Blogsite of the Institute for Legal Studies
2022. October 27. 13:25
Since the outbreak of the COVID-19 pandemic, all four countries (Czech Republic, Hungary, Poland and Slovakia) of the so-called Visegrád Group (also known as Visegrád Four or simply V4) have held their elections. In the following, I shall shortly introduce the postponed Polish presidential elections and the Czech and Hungarian parliamentary elections in the spirit of neutrality of public authorities in the election campaign. Moreover, the Slovakian parliamentary elections held shortly before the rising of the global pandemic will be also mentioned.
2022. October 13. 9:52
Covid-19’s effect on individuals’ fundamental rights cannot simply be overstated. This also concerns one of the most influential rights a citizen has and that is the right to vote. At the beginning of the pandemic, it was unclear to us as to how the incumbent crisis managing governments will undertake the task of organizing elections (thus potentially getting re-elected), as limiting the epidemiological risk was at the forefront of all governmental agendas around the world. It sure was a dilemma as nationwide one-day elections are substantial social events, and personal contact can hardly be eliminated, this results in the virus spreading faster than prior the elections, but on the other hand political power under the law is neither unlimited in time nor in substance, therefore democratic societies hold elections at predetermined intervals prescribed by law. Hungarian lawyer, political scientist and former president of the Constitutional Court Mihály Bihari holds that: "The people have sovereignty because the source of all state power is the electorate."(pp 2.) This obligation to hold elections resulted in occasions in which the external circumstances either did not allow for the vote to go ahead, thus it had to be postponed, or held amid the pandemic. International Idea Institute provides a wide range of statistics about Covid-19 and election postponement, their work serves as a cornerstone for this blogpost.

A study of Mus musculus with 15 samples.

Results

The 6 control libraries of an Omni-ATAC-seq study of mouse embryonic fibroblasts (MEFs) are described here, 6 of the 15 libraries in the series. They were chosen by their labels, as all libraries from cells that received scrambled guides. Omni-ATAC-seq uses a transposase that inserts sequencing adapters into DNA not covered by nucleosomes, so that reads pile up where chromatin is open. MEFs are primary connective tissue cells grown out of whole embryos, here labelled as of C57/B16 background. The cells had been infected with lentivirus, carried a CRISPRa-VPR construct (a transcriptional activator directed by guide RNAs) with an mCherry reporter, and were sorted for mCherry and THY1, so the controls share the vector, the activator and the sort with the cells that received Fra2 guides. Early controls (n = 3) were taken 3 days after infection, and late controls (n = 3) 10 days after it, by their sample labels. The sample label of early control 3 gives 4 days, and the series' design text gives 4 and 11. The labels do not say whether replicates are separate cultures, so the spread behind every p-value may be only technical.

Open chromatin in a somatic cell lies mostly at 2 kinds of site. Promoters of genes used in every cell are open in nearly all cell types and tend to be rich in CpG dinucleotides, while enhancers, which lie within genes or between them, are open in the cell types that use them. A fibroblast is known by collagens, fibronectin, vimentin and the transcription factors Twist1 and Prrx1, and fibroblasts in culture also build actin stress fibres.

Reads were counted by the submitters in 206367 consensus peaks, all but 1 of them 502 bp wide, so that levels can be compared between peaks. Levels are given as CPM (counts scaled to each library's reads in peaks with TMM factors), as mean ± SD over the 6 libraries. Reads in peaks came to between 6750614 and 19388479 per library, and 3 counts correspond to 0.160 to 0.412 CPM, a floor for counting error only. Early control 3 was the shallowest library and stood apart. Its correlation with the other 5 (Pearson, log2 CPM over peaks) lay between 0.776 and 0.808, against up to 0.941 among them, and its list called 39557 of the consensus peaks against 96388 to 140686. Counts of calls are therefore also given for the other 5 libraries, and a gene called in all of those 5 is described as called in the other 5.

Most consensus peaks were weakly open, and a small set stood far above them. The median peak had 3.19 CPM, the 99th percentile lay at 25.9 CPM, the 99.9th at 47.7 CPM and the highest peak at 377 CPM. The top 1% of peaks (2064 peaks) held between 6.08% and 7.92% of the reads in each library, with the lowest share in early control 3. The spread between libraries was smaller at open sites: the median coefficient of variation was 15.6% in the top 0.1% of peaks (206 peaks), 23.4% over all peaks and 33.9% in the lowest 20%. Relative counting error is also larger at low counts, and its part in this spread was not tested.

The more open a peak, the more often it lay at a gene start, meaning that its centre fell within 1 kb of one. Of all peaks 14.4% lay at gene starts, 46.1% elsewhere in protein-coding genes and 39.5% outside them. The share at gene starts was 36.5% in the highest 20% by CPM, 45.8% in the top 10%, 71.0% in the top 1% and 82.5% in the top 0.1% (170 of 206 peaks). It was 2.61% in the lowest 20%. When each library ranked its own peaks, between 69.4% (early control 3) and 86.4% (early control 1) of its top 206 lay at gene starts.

2022. October 12. 7:53
On 23 June 2022, as part of the research project IVF 22120065. funded by the International Visegrad Fund, aiming to analyse the impact of the global pandemic on the V4 countries’ electoral framework, a policy roundtable was held in a hybrid format to discuss the Hungarian experience on this matter. Four speakers were invited to the roundtable: Dániel Döbrentey, the Project Leader of the Hungarian Civil Liberties Union; János Mécs, Project Leader of the Association of European Election Officers; Attila Nagy, the president of the Hungarian National Electoral Office; and Emese Szilágyi, the Electoral Observer of the OSCE ODIHR Election Observation Mission to Hungary 2022. The panellists raised a number of paramount issues concerning the latest electoral development in Hungary and its link with the public health concerns, and this was followed by the comments of the audience, which included also the questions of the colleagues joining online from the Jagiellonian University of Cracow. The organisers aimed to foster an interdisciplinary legal discourse amongst the representatives of various interested actors; this was the leading consideration when the invited speakers were selected from the National Electoral Office, from a Hungarian NGO, from an international electoral network and from an international electoral observer mission. The roundtable was moderated by Boldizsár Szentgáli-Tóth, the senior research fellow of the Centre for Social Sciences, Institute for Legal Studies.